She lost her vision, but not her desire to run.
Now she’s able to again.
Pam McGonigle caught the running bug when she won her first race in sixth grade.
In 1992, the visually impaired runner won gold in the 3,000m at her first Paralympic Games, and went on to compete in 1996, 2000, and 2004. But when it became increasingly harder to find guides to train with, McGonigle called it quits.
“It takes a lot of extra work and a lot of extra time on the part of the visually impaired athlete to put those things into place,” McGonigle told Runner’s World by phone. “The effort and energy with which it took was significant, and I wasn’t really having that much success.”
But it wasn’t an easy decision by any means.
“I just kind of said, ‘I had a really successful career as a Paralympian, I’ve travelled the world representing the U.S. and had fantastic results, so if I’m not finding the guides, my time is done,’” she said. “I love running so much. It’s been a part of me forever, and it’s what gives me my fire, my drive, and my confidence. It’s not like I wanted to retire.”
McGonigle got her first guide dog from Guiding Eyes for the Blind in 2008, and when the dog was getting ready to retire and she needed a new one, the organisation asked if she was interested in its new Running Guide Program.
“I said I was, but first and foremost, I needed a dog that could guide me day in and day out since I’m pretty active,” she said. “And it amazes me that I said that. I think I was protecting myself because I didn’t want to set myself up to think, ‘Oh great, I’m going to run again’ and have it not actually happen.”
Guiding Eyes for the Blind matches dogs with people based on the amount of regular guide work they need—running is secondary. Because McGonigle does a lot during the day, like commute to work or go to her son’s school, Maida’s high-energy personality was the perfect fit. But McGonigle was still a bit guarded until she knew the running piece of the puzzle would work. And two months later, when representatives of the Running Guide Program came to train the pair to run together, McGonigle was certain that Maida was the dog for her.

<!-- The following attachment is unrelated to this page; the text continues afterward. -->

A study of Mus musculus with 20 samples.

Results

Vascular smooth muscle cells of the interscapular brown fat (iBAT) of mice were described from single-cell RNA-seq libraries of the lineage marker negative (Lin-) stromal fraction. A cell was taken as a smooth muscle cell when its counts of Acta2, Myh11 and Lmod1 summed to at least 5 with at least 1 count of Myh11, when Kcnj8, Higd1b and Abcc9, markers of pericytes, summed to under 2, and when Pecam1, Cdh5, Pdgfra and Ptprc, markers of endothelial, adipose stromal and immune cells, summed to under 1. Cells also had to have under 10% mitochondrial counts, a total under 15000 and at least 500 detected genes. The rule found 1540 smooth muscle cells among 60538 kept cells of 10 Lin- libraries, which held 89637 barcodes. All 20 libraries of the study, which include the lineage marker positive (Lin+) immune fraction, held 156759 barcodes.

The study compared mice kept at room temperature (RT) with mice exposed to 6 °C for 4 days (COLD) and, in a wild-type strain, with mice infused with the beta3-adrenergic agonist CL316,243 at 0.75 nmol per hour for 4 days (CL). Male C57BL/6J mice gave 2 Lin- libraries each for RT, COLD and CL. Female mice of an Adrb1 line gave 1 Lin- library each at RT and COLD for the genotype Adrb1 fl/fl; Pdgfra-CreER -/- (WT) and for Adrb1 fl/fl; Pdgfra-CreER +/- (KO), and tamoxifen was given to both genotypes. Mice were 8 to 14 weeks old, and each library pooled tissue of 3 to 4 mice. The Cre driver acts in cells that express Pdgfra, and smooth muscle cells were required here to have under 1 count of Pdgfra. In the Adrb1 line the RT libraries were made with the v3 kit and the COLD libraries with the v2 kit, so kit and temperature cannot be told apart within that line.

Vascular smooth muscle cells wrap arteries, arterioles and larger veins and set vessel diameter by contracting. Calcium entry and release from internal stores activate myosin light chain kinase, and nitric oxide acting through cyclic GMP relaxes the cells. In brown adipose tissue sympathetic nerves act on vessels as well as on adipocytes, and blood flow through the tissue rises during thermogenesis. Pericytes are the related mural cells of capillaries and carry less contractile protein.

Image courtesy of Shutterstock
“I was super nervous the first time we ran together because I so wanted the running match to be a success,” she said. “I was really quiet and didn’t say anything, but really, I was so ecstatic that I was actually running again and that this was going to work out. I just didn’t want to show it.”
But it didn’t take long for McGonigle’s joy to become evident.
“When we came back to the house after, my husband looked at us and said that we all looked so happy. Even Maida was smiling.”
After a few more runs with a Guiding Eyes trainer, the pair got the okay to run independently, and they regularly log up to 19K at a time, five or six days a week. However, McGonigle is sure to pay attention to Maida’s workload and will scale back their running mileage if they have a particularly busy day doing other things.
“I was fortunate enough to be matched with a dog who loves to run, and I actually feel that the running makes her a better guide during our day work,” she said. “It’s incredible to have that gift back.”
Not only does McGonigle have running back, but she has it back in a way she’s never had it before. Because there was never a human running guide living with her 24/7, she could never just go right out her door and start running. Maida now makes this possible.
“When my hand is on that harness, I can feel when and where she looks around,” McGonigle said. “Whether it’s looking for where to go next or if she sees something, I can feel through the harness what angle she’s at.”
Now that they’ve gotten to where they can show up to group runs and Maida can run successfully with a pack of runners, McGonigle has started to think about racing with her.
“I would need to pick the race accordingly. Something with wall-to-wall people wouldn’t be a good race to run her in, so I’ll just have to be wise about my choice in that regard so it can be successful.”
But McGonigle does have concrete plans to run the North Face 50-Miler this May at Bear Mountain State Park in New York. Although the distance is too much for Maida to handle, it isn’t too much for Guiding Eyes trainer and ultrarunner Nick Speranza, who offered to be McGonigle’s guide for the race. However, Maida will be waiting at the finish line.
McGonigle says Maida isn’t too impressed if she isn’t involved in a run with her, but she can’t be thankful enough that she was paired with a dog who loves running as much as she does.
“Maida loves running, so she’s just like me in that sense. She’s just right at home. It’s so peaceful for her, which is kind of cool because that’s how it is for me, too.”